Sunday, March 14, 2021

Huntress Moon by Alexandria Sokoloff

First Sentence:  FBI Special Agent Matthew Roarke is closing in on a bust of a major criminal organization in San Francisco when he witnesses an undercover member of his team killed right in front of him on a busy street, an accident Roarke can't believe is coincidental.

Waiting for his undercover agent to cross a busy street, Agent Matthew Roarke's attention is captured by a woman standing behind the agent.  Moments later, the agent is dead and the woman has disappeared.  As he tracks the woman, he discovers several deaths at which she was present. Is she that most rare of killers: a female serial killer? She is canny, and always one step ahead leaving bodies behind as Roake begins to piece together her motive and her objective.

What an intriguing book, and one where readers are kept off-guard from start to end. It's also a hard book to review without spoilers. Matthew Roarke is a driven character who we come to know in small bits. He is intuitive, yet logical; a perfect balance for someone in his job. But it's the female character who keeps us going. Initially, we don't know the identity of the killer until the "ah-ha" moment, and the tension builds from there.

Information on the main characters is provided in bits as the story progresses.  It is that information that then provides a motive for their actions.  Damien Epps, Roarke's second, is the breath of fresh air.

That the story is told in days heightens the suspense.  The story alternatives between Roarke and the woman, and it works.  The introduction of a man and his 14-year-old child raises the stakes even higher.  The author has an ability not only to set the scene, but to convey the underlying emotions of it—"He steps through the open doorway, past the carved wooden door, into the entry hall with its white painted brick walls and tiled floor. … The terror has turned every cell in his body to ice; his feet can barely move him forward."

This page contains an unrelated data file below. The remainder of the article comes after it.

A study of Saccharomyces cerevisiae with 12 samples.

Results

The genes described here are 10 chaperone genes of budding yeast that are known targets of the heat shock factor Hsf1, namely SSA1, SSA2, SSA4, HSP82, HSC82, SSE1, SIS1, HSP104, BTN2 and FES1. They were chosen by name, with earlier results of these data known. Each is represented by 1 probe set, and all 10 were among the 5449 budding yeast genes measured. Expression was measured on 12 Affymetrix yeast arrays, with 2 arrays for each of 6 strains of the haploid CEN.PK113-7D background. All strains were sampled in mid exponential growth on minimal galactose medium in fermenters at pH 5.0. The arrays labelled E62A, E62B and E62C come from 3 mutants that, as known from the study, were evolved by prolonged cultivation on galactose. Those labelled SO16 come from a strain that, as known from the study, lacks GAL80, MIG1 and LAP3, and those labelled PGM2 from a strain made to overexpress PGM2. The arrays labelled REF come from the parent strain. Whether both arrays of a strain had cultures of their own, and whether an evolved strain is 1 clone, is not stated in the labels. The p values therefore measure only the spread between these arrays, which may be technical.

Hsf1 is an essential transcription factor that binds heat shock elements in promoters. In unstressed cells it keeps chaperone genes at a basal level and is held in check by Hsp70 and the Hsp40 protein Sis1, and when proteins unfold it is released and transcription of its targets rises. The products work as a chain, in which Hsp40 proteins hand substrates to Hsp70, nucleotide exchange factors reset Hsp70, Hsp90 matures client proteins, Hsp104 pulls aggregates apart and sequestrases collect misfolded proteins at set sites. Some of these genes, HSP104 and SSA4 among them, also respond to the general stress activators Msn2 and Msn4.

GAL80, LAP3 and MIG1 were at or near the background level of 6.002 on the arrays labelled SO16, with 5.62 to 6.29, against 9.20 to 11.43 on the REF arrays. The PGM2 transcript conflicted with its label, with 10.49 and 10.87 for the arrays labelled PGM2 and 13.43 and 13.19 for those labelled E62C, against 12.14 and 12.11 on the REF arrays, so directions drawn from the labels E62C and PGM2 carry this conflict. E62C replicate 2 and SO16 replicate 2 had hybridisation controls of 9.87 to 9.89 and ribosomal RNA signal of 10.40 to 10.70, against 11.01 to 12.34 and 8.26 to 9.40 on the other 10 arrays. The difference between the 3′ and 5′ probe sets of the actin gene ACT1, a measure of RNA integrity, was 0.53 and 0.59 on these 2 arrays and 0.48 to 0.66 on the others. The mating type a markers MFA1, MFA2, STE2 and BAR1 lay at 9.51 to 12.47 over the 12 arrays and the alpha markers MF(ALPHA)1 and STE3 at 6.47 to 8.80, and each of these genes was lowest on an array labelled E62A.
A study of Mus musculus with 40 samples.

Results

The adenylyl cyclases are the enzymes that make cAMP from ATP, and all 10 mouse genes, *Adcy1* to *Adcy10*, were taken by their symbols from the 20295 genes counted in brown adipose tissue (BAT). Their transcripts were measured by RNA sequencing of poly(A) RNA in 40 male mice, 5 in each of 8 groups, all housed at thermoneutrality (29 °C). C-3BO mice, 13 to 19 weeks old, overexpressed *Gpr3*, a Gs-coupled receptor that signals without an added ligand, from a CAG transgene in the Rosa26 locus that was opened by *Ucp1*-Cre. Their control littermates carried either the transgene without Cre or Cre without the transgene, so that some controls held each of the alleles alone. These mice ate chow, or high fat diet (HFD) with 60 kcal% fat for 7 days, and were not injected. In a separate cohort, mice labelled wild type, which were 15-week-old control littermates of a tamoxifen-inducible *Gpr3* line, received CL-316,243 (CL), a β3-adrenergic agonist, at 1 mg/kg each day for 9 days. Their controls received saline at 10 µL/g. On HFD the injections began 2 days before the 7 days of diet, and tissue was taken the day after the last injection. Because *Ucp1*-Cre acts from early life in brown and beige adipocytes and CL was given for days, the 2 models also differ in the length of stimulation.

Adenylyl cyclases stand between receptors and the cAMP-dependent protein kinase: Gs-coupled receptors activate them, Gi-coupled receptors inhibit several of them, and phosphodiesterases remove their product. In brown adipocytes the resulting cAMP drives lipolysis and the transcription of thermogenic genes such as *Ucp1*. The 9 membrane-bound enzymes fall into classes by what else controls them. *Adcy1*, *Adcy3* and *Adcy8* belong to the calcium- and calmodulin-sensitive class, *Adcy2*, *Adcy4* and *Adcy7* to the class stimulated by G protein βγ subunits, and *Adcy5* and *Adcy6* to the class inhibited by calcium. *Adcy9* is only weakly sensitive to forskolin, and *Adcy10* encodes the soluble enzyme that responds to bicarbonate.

Just as Sokoloff has not given the investigators anything definite they can track, she leaves the reader directionless.  It is clear the moon has significance, but what is unknown.  However, evil, the sense of it, is a prevalent and effective theme.

As the story progresses, the killer takes on the identity first as "Huntress," and finally her name and background are revealed with a powerful twist.  The author's skill is clear in the killer's progression. I don't recall another author being able to transition one's attitude toward a killer in the way Sokoloff does.

This is not a perfect book. There are some plot holes and weaknesses such as the description of the Tenderloin, which is not nearly as grim as portrayed.  The primary thing which did not ring true is Roarke, an FBI Agent, seemingly surprised by the idea of a female serial killer. He just couldn't be that naïve. Another slight miss was the inference of a supernatural element that was not developed. 

HUNTRESS MOON, the first in the series, is rather the first chapter in one long book with an arching theme: Evil. It is a page-turner and truly a popcorn book in that no one will be able to read just one. If you like the first, chances are you will want to continue.

HUNTRESS MOON (PolProc-Agent Matthew Roarke-WestCoast-Contemp) – VG+
Sokoloff, Alexandria – 1st in series
Thomas & Mercer, Jan 2015, 386 pp


  1. Sometimes it really does work well to have the narration alternate between characters, as it does here. It sounds as though the atmosphere is done quite well here, too, which is always a major plus. Glad you enjoyed this.

  2. Thanks so much for the great review, LJ! Glad you got caught up in it. :). I do have to argue one point: Roarke is not at all naive about Cara/serial killers - he's 100% right that she is NOT a serial killer. She's a mass killer with a vigilante motivation - completely different psychology. And one of my main reasons for writing the Huntress series is that so few people seem to understand that sexual homicide is almost exclusively a male phenomenon - the handful of women who have killed like that have complex mitigating factors that make them extremely unlike male serial killers like Gacy, Bundy, Ramirez, BTK, the Green River killer, etc. And that is Roarke's point when he continues to way that there are no female serial killers. I didn't make this up - I've done years of research and interviews with FBI agents and behavioral profilers. I think it's critically important to understanding male sexual violence to understand that women DON'T commit this kind of murder.

    1. Thank you, Alexandra, this is fascinating information and I appreciate it as now his reaction makes sense.